B. Technology in service of democracy and fundamental rights
Collecting, combining, and analysing data allows governments to become smarter at designing and evaluating policies. But they should not keep the data to themselves. Sharing information with citizens is at the heart of democratic accountability. Data collected by or on behalf of governments – insofar as it is not personal data – must be considered a public commons. This data, whether it concerns the health of trees  or 3D models of cities, should therefore be available for everyone to access, use, and share.
The popular app FindToilet allows its users to find the nearest public toilet in Copenhagen and other Danish municipalities. It has been developed by a woman who suffers from urinary incontinence and provides highly relevant, up-to-date information for other people with and without incontinence. FindToilet collects open data from local governments and visualises it on an online map and in the app. All the collected toilet data is available for reuse by others.
Personal information can also be open data, provided that it is irreversibly anonymised and therefore no longer personal. Governments need to be open about the anonymisation techniques they use, and they should check these regularly in order to prevent the data from being able to be traced back to identifiable persons through new datalinks. Anonymised location data in particular is vulnerable to de-anonymisation.
Open data requirements must apply to all companies operating on behalf of or with the support of a government, and to those with a permit granted by a government. Everyone should be able to use this data, whether it be citizens who want to analyse their living environments or companies that want to develop new applications.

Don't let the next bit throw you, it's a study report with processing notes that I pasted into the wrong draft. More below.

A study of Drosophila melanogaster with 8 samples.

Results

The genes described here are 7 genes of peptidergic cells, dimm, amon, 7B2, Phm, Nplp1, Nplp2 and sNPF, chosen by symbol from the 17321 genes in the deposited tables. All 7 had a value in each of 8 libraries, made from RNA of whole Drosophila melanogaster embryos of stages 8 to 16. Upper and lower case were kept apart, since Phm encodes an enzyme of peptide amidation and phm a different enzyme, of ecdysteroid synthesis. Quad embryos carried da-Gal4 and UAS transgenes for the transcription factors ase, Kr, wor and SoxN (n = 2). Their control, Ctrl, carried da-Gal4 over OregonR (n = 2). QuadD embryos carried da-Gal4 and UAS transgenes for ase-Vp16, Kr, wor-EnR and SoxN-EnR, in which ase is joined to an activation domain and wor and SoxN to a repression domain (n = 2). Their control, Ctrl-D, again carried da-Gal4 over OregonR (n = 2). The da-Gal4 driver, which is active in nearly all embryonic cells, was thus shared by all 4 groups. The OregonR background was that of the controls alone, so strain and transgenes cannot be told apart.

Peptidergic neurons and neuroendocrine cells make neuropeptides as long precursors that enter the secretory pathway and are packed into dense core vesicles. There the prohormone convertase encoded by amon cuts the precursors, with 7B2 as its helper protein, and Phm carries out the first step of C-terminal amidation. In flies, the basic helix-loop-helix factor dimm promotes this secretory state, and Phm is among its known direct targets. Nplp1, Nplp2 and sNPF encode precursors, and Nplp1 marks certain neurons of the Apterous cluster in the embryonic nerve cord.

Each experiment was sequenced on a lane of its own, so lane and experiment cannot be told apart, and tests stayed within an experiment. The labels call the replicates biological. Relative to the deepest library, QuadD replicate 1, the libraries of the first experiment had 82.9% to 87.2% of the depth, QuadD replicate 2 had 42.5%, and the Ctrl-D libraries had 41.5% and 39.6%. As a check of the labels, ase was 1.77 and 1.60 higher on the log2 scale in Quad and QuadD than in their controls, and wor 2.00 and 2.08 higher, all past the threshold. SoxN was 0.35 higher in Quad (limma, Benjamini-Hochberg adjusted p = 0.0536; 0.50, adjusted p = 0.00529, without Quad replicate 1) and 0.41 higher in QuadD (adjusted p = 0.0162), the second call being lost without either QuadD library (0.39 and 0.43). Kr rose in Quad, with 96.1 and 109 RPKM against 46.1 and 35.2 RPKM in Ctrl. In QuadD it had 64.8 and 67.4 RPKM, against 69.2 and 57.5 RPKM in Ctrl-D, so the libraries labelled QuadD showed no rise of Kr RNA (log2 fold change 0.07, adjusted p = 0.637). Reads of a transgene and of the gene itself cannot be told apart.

According to the city of Barcelona, “data can generate new monopolies and accumulations of wealth which accentuate inequality. However, they can help generate evenly-distributed wealth and give us a better understanding of people’s needs and how to elaborate appropriate responses.” Barcelona opts for the egalitarian scenario and chooses to treat data collected in the city as a ‘common asset’. That includes data that is collected by companies. This data, with the exception of personal information, is published in reusable formats on Barcelona’s open data portal.
Some citizens are willing to voluntarily provide personal data for the public good. In doing so, they should be able to determine the purposes for which their data may be used: for health statistics and medical research, for example, but not for the development of medicines that will be subject to expensive patents. Municipalities can promote such data commons.
It is important to remember that not all knowledge can be captured in hard data or figures. Our lives and relations are far too complex to be reduced to statistics. In order to be able to evaluate loneliness in the city, or the quality of a school, 'softer' information such as experiential knowledge is also required.